As Transparent as a Block of Lead - The American Spectator | USA News and Politics
As Transparent as a Block of Lead

Earlier this morning, David Plouffe sent out an email to supporters of Organizing for America, Obama’s campaign arm that is now part of the DNC, previewing 2010. Here’s an excerpt from the email (pay particular attention to the part I put in bold):

2010 will be a year of new, exciting challenges. We’ll be working hard with President Obama to finish the fight for health insurance reform, put more Americans back to work, and get our economy running strong. We’ll fight to protect consumers and our economy from Wall Street abuses, improve transparency in Washington to elevate the voices of the American people, and create a vibrant, clean energy economy. And we’ll stand up for the President’s allies at the ballot box.

If improving transparency is a major goal for 2010, then the year is already off to a rocky start. Yesterday, I noted reports that House and Senate Democrats planned to skip a conference to merge their health care bills, and instead negotiate behind closed doors, in clear violation of Obama’s campaign pledge to have all negotiations broadcast on C-SPAN. Now even the press pool is taking Democrats to task — see this roundup from Mary Katherine Ham. Most notably, C-SPAN’s Brian Lamb has sent a letter (PDF) to leaders in the House and Senate in which he writes:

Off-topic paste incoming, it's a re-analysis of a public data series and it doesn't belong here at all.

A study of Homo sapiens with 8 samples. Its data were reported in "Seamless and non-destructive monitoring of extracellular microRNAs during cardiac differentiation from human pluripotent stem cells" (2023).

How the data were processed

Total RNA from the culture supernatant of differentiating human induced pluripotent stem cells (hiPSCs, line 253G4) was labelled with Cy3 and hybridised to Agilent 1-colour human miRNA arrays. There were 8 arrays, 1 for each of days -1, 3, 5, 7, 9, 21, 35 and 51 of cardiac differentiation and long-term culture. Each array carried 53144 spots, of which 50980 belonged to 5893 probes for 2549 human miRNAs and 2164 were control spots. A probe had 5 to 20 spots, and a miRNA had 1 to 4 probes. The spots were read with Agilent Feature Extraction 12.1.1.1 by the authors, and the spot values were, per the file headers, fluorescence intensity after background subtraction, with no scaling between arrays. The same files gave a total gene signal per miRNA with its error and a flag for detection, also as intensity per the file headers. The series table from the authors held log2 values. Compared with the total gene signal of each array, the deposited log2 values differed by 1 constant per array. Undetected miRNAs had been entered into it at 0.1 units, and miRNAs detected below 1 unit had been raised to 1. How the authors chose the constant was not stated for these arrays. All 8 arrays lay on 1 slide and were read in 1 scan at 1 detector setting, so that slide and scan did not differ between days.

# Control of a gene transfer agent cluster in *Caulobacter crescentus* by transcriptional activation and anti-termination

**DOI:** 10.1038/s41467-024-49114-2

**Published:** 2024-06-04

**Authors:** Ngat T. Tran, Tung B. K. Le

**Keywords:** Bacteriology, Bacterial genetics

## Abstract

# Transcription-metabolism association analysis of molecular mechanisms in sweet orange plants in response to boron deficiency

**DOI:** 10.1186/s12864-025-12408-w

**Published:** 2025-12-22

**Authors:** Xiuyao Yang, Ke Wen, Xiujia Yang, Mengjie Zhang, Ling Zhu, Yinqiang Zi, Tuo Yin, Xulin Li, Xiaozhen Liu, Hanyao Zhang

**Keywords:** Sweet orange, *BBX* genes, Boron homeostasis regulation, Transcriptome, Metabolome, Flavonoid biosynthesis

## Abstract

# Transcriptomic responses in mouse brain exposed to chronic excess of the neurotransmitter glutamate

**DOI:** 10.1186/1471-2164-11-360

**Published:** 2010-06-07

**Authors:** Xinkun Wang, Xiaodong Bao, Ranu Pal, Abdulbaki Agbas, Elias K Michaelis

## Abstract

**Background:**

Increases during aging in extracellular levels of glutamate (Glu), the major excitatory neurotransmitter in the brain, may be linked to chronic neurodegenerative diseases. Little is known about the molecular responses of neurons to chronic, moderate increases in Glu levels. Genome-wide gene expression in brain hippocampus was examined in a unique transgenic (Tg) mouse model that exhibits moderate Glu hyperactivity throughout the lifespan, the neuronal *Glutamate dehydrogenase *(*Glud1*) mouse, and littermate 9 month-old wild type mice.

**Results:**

President Obama, Senate and House leaders, many of your rank-and-file members, and the nation’s editorial pages have all talked about the value of transparent discussions on reforming the nation’s health care system. Now that the process moves to the crucial stage of reconciliation betweem the Chambers, we respectfully request that you allow the public full access, through television, to legislation that will affect the lives of every single American.

Not only does Democrats’ secrecy make Americans more suspicious about what’s in the health care bills and more inclined to believe critics, but it gets to the heart of why Americans are so cynical about the way business is done in Washington. And it’s that very cynicism that helped Obama transcend ideology in 2008 and sweep into power on a promise of change.